Today's Word for Pastors...
You cannot drink the cup of the Lord and the cup of demons too; you cannot have a part in both the Lord's table and the table of demons. Are we trying to arouse the Lord's jealousy? Are we stronger than he?
1 Corinthians 10:22
Today's Preaching Insight...
To Be Like God?
Adam and Eve had such a good start in life.
They complemented each other. Though Adam was the first to admit it, Eve probably joined the refrain, "This at last is bone of my bones and flesh of my flesh."
They were in charge of the whole deal. God said, "Be fruitful and multiply and fill the earth and subdue it and have dominion over the fish of the sea and over the birds of the heavens and over every thing that moves on the earth." Everything was just about perfect.
Of course, our fairer gender often suggest our Lord did make man first; only to conclude, "I can do better than that!"
Then there is the not so Biblical tale of God telling Adam to go, be fruitful, and multiply; only to witness the young man return with puzzled look on his face and inquire, "what's a headache?"
Regardless, it was a good start. Everything was just about perfect. But you know what happened. God said Adam and Eve could use, manage, and enjoy everything around them except for one thing: the tree of the knowledge of good and evil.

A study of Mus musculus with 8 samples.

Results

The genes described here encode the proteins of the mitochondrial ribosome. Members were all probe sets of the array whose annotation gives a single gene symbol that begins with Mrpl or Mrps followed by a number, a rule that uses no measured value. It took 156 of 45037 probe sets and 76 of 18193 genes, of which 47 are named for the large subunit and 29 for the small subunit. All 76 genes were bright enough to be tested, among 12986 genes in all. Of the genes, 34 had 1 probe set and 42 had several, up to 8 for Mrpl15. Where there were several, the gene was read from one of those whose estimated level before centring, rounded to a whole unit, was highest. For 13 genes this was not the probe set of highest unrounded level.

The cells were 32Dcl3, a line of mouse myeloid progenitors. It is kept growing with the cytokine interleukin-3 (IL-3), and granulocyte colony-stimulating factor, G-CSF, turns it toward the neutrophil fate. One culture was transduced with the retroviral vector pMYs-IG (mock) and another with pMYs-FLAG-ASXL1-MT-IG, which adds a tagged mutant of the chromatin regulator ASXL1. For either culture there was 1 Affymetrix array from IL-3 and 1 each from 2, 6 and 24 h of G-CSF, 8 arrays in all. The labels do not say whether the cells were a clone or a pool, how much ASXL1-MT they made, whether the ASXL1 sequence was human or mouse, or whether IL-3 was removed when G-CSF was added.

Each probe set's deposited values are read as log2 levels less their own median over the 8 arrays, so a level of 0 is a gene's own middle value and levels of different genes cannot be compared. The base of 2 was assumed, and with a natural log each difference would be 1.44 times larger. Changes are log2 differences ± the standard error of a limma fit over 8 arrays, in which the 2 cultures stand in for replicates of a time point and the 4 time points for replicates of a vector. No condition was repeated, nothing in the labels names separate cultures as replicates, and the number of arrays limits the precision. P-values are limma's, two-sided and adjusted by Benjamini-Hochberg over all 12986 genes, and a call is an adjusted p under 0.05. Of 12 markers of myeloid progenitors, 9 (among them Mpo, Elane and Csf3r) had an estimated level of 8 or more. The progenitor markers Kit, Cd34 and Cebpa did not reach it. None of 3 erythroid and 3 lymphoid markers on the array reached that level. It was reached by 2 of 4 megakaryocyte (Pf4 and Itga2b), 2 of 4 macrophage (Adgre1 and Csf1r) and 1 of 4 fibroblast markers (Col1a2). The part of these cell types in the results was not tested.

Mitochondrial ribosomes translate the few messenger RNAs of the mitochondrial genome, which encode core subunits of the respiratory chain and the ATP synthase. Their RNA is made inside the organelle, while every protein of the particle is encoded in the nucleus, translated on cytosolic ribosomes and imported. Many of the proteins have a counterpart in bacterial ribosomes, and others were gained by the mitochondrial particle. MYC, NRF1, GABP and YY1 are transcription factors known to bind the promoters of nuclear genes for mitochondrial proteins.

Some things are just too big for mere mortals to handle. The tree of the knowledge of good and evil represented the extremes of complete knowledge -- omnipotence, omniscience, and omnipresence. In other words, it represented the exclusive prerogative of the divine.
Hence, the Hebrew in this text is the strongest prohibition possible: "You must not, absolutely must not" eat from the tree or "you shall surely die."
Simply, reaching for divinity to be like God is not a human prerogative or part of the plan.
(To read the entire article, "A Good Start Stained" by Robert Kopp at Preaching.com, click here)
Many people love the sweet confection called Milk Duds. It was, however, the product of a mistake. The Hoffman Company of Chicago, the original producers of the product, was trying to make a perfectly round chocolate-covered caramel. They did not succeed and called the mistakes "duds." Not wanting a total loss, the company decided to sell the duds anyway. The name and the candy have been popular ever since. Sometimes you can bring victory out of defeat and success out of failure.